LEXINGTON, Ky. (March 18, 2022) — As a former college basketball player, March has always been exciting for Rachel Potter. This year, as she prepares to graduate from the University of Kentucky College of Medicine, the month holds even more significance.
Instead of March Madness, Potter’s focus is on Match Day, an annual celebration recognizing medical students across the country as they simultaneously learn which residency program they “matched into” and will pursue. At noon today, Potter and her classmates will open their envelopes and discover where their careers will take them next.
Potter is excited to reach this pivotal career milestone, which she compares to college basketball’s Selection Sunday.
“The build-up is the same, trying to figure out where you're going to end up after all this hard work that you put in,” Potter said. “The work, the effort, the energy, and even the camaraderie in medicine and basketball are very similar.”
Potter’s inspiration for pursuing medicine came from her father, who completed medical training while she was growing up and now works as a family medicine physician in her hometown of Pikeville, Kentucky. Not only did she want to follow in his footsteps, but she also saw medicine as a way to eventually give back to eastern Kentucky.
She assumed that medical training would force her to push aside her other dream – playing basketball in college, particularly at UK. However, in the midst of her undergraduate degree, she got the call of a lifetime. There were walk-on positions available for the UK women’s basketball team.
“It was a dream of mine coming true, so it was a no-brainer for me at that point,” Potter said.
She fulfilled that dream for one season. Then after graduation, she officially traded her jersey for a white coat to begin her journey at the UK College of Medicine.
Though she isn’t playing college basketball anymore, Potter maintains her UK basketball fanhood. During the Southeastern Conference Women’s Basketball Tournament Finals, Potter was volunteering at UK’s DanceBlue event, but she had her phone on her at all times keeping up with the game until Dre’una Edwards drained the three-pointer in the final seconds to seal the victory. Potter said she will continue to watch both the men’s and women’s teams as they begin their tournaments the same week as Match Week.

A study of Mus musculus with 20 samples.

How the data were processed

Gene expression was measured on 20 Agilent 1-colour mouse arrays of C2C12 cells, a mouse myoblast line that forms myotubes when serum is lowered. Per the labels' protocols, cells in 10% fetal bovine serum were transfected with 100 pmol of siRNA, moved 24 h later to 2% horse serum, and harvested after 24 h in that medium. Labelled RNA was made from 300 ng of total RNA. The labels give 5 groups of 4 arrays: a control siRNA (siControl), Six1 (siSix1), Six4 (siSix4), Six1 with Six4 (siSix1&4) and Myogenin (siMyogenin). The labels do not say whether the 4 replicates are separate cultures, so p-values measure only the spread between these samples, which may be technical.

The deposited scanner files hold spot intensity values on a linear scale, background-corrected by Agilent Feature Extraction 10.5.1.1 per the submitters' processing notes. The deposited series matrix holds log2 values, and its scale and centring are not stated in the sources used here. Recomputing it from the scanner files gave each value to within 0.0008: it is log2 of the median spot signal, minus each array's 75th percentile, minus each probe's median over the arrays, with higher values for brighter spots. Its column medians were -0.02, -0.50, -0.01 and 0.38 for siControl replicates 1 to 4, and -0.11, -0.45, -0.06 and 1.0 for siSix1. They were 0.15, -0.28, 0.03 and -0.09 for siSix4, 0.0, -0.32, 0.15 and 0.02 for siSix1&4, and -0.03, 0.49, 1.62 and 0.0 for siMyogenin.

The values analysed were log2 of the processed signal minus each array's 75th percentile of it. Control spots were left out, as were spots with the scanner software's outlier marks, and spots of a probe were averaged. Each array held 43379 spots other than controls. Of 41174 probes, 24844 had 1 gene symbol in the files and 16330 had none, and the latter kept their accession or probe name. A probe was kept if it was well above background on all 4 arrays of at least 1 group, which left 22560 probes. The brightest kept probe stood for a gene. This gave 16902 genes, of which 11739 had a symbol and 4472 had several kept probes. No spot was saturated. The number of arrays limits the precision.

As one lifelong dream is realized, another is just beginning. And no matter where she ends up for residency, Potter said she hopes to come back to practice in the state she has always been proud to call home.
“What makes the University of Kentucky special, and the state of Kentucky special, are the people,” Potter said. “My heart is always here in Kentucky, and I can't wait to care for Kentuckians.”
The University of Kentucky is increasingly the first choice for students, faculty and staff to pursue their passions and their professional goals. In the last two years, Forbes has named UK among the best employers for diversity, and INSIGHT into Diversity recognized us as a Diversity Champion four years running. UK is ranked among the top 30 campuses in the nation for LGBTQ* inclusion and safety. UK has been judged a “Great College to Work for" three years in a row, and UK is among only 22 universities in the country on Forbes' list of "America's Best Employers." We are ranked among the top 10 percent of public institutions for research expenditures — a tangible symbol of our breadth and depth as a university focused on discovery that changes lives and communities. And our patients know and appreciate the fact that UK HealthCare has been named the state’s top hospital for five straight years. Accolades and honors are great. But they are more important for what they represent: the idea that creating a community of belonging and commitment to excellence is how we honor our mission to be not simply the University of Kentucky, but the University for Kentucky.